We continue our articles on different Spanish wine regions. If the last region we covered was Priorat, near Barcelona, on this occasion we go north, near the French border, to discover the txacoli wines.
We cam only think about a few examples where the landscape defines the character and personality of the wine in such a way as Txacolí wines. Even though there are red and rosé wines coming out of this region, in this article we will dedicate ourselves to the white wines from Txacolí.
Before talking about these wines it is well deserved to pause and revisit the consumption habits in the Basque Country, the birthplace of Txacolí. It is here (and roughly the rest of Northern Spain) where we find the highest wine consumption in the country. The traditional habit of going out for drinks and food is locally known as chateo, an expression that refers to the chatos (“flat” in English), the type of short glasses where they serve the wine, accompanied by some pintxos (as the Basques refer to their tapas).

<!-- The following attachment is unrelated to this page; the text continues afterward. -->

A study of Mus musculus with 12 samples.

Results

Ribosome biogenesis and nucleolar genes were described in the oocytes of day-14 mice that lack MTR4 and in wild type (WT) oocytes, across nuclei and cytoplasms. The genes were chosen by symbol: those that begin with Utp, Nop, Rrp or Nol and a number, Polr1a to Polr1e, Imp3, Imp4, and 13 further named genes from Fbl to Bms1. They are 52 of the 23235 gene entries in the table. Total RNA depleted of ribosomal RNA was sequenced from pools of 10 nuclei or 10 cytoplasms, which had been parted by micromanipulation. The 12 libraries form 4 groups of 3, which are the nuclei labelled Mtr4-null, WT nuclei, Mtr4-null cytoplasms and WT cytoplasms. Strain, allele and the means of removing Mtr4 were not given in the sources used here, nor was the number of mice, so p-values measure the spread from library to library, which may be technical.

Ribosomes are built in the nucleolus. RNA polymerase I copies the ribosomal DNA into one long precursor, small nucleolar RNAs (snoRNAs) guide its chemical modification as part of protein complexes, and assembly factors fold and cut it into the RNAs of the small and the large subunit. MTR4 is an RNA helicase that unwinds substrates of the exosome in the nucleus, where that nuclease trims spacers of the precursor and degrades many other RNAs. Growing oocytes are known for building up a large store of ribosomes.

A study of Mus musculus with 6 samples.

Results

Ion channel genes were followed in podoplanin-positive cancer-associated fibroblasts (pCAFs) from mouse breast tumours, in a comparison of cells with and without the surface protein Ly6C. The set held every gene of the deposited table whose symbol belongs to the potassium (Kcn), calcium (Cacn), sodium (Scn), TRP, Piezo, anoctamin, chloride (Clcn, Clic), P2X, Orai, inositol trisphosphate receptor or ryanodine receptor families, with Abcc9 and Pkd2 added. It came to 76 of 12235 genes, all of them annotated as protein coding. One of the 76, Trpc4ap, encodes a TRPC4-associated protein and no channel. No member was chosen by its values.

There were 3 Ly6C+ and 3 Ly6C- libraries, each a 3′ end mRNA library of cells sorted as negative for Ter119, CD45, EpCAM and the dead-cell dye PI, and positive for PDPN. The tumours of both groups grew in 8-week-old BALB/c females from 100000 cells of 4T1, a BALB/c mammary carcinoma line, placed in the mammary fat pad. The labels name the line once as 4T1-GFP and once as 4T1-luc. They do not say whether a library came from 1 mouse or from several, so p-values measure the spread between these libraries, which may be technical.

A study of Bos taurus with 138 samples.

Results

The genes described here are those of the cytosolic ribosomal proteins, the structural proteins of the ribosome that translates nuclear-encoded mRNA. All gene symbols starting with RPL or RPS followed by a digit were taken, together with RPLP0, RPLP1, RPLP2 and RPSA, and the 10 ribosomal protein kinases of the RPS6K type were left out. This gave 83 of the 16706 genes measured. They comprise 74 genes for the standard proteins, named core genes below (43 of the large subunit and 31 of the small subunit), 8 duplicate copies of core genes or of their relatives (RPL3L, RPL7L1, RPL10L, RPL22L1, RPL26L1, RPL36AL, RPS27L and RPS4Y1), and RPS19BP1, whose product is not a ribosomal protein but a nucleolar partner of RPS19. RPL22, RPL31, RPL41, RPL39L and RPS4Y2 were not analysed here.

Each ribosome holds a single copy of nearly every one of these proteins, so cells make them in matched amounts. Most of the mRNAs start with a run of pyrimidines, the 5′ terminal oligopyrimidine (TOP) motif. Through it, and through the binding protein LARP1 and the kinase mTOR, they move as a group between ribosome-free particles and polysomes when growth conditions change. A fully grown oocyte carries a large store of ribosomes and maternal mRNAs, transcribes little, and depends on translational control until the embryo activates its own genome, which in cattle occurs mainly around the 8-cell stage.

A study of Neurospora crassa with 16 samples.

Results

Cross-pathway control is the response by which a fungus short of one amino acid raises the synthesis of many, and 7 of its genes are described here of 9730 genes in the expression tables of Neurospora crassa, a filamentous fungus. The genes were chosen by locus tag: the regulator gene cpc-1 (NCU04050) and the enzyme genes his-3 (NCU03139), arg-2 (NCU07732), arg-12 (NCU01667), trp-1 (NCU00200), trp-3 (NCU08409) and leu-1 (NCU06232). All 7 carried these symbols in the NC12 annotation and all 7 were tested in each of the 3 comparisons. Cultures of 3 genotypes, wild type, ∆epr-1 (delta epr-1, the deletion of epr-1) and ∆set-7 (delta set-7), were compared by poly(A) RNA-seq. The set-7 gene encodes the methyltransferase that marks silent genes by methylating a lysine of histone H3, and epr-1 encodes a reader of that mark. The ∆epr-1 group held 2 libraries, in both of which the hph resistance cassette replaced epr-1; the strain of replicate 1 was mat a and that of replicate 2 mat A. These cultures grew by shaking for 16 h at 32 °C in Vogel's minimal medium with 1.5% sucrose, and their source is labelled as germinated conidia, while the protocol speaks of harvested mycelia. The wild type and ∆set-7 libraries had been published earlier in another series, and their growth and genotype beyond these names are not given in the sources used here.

Wine from Rioja was and still is the predominant type of wine in bars and restaurants in the Basque Country. The Txacolí is understood as a very fresh white wine, with a peculiar high acidity, low alcoholic graduation, and in some cases, somewhat aromatic.
What is the grape varietal used to make Txacolí? It is the Hondarribi-zuri, which gets its name from the village of Hondarribi, or Fuenterrabía, located East of San Sebastian, right at the border with France and with a large and rich history behind it. Txacoli is one most searched for San Sebastian winery tours.
This type of grape is perfectly adapted to the humid conditions and the moderate temperatures of the production zones in the region. Vineyards are planted on the terrain below 1.300 feet above sea level.